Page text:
Prospecting Revisted…or why I avoid American Airlines

A few months back, I shared a story about a fundraising caller who hung up on me. I was ready to talk to him about my family’s philanthropy, but the paid caller had something different in mind, so he hung up on me, before he learned that I cared about his cause. Bad customers service, I wrote, can kill a long term relationship.

Fast forward a few months to today and to some of the worst customer service I have ever received….

Flying for your commute can be interesting. Today it involved switching concourses and airlines and checking through security twice (and a five hour delay). Awesome! As a savvy, frequent traveler (about 200,000 miles a year), I was able to switch airlines, but I couldn’t seem to confirm my seat by phone. Because I had a first class seat on Delta, I queued up (with one person in front of me and one behind) in American Airline’s first class lane. The check-in helper was quick to point out I had to stand in line elsewhere, even though I was willing to pay for a first class ticket. (No wonder I avoid American.) To solve my problem, I moved to an electronic kiosk, secured my seat, etc. Round two of American Airline’s awful customer service involved their business club gate keeper who also immediately treated me like a burden.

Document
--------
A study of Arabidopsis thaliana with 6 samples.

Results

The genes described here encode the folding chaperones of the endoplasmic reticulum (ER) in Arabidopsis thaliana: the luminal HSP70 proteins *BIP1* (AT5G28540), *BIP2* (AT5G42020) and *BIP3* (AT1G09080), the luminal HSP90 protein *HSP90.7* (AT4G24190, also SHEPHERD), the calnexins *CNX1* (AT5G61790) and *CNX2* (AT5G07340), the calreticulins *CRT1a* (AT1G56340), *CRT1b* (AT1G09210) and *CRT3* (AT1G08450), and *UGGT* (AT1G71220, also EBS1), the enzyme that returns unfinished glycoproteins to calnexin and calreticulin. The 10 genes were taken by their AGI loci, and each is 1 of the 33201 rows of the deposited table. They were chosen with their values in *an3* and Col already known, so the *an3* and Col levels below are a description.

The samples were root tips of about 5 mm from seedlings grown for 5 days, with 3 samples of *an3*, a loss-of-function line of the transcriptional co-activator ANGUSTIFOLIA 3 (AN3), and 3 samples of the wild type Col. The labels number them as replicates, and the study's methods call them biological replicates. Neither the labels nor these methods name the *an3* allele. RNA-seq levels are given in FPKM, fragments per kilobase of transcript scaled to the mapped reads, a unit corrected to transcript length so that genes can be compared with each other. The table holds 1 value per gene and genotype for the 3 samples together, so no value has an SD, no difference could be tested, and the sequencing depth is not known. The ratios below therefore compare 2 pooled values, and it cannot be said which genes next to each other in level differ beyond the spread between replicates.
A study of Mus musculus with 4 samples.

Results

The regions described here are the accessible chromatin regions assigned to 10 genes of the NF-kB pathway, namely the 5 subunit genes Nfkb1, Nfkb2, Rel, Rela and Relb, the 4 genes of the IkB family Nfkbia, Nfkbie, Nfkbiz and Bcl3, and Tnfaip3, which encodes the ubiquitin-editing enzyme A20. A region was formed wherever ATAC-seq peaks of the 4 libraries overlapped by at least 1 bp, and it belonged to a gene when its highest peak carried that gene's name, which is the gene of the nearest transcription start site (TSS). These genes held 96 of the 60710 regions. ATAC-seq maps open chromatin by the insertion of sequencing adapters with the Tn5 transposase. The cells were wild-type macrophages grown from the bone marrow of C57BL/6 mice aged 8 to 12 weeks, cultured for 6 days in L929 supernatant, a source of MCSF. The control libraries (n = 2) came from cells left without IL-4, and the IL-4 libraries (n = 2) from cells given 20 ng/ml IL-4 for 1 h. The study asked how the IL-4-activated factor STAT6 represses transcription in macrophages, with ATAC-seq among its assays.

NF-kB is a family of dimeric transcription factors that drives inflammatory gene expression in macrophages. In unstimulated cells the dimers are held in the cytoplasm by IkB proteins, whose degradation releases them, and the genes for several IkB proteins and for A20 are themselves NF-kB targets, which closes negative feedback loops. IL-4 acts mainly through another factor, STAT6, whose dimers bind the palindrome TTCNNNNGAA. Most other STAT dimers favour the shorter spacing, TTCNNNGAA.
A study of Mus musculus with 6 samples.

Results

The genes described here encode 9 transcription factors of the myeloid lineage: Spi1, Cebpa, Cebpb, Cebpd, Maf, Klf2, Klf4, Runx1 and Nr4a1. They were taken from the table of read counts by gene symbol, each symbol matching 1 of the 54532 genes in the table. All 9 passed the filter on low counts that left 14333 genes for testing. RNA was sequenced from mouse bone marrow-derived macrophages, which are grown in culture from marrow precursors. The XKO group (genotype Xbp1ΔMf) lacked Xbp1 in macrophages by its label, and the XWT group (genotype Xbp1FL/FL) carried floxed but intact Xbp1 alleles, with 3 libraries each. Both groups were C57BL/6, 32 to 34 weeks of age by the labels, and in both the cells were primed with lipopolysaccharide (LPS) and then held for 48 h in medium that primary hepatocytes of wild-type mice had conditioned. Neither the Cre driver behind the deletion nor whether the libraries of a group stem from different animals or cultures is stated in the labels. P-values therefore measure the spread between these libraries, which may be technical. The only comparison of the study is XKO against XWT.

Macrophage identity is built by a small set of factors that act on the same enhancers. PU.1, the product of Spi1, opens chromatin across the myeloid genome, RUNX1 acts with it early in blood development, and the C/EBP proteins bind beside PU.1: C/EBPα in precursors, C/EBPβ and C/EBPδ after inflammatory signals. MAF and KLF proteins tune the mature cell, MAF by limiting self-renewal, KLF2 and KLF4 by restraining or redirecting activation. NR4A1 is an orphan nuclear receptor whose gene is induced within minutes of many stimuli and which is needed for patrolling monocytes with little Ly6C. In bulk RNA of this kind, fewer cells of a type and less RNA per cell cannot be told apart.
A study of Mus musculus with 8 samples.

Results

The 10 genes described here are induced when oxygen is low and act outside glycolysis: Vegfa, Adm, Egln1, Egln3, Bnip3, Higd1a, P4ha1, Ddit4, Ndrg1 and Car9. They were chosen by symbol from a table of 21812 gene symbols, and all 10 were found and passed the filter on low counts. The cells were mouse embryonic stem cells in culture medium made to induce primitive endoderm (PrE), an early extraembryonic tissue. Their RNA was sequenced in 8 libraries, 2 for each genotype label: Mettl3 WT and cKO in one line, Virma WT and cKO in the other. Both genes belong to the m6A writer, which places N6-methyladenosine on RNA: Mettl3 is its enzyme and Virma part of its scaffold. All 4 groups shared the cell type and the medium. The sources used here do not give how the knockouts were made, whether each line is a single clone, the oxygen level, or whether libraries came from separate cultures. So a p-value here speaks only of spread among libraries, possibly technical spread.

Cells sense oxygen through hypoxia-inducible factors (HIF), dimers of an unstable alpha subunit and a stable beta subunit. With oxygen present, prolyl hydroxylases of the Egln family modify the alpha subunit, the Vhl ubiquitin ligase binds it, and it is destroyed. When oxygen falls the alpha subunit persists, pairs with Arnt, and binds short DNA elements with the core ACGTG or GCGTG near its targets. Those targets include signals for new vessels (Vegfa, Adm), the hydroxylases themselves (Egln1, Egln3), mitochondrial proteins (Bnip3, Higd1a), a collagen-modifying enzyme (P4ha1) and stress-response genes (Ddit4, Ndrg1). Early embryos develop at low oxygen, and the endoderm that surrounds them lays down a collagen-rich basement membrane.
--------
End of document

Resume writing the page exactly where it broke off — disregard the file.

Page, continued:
Here is the message: I am a prospect for American Airlines. In fact, statistically, I suspect I’m the equivalent to a deca-millionaire prospect for Fundraising. There just aren’t too many people like me who fly so much as a potential client/donor. American Airlines–and all of us in the constituent relationship business–should strive to deliver outstanding service in the hopes that the right people are stewarded.

So, before, I come off sounding overly self important (which is not my intent) or too petty toward American Airlines (which sort of is my intent), let’s confirm the message. This little parable can come in handy as you think about the way you look at your prospects. Give them a little more time and attention. View every touch as a chance to deeper relationships, not just speed up processes. Don’t let just simple criteria rule out what could be great parters. And, while you’re at it, you might want to avoid American Airlines.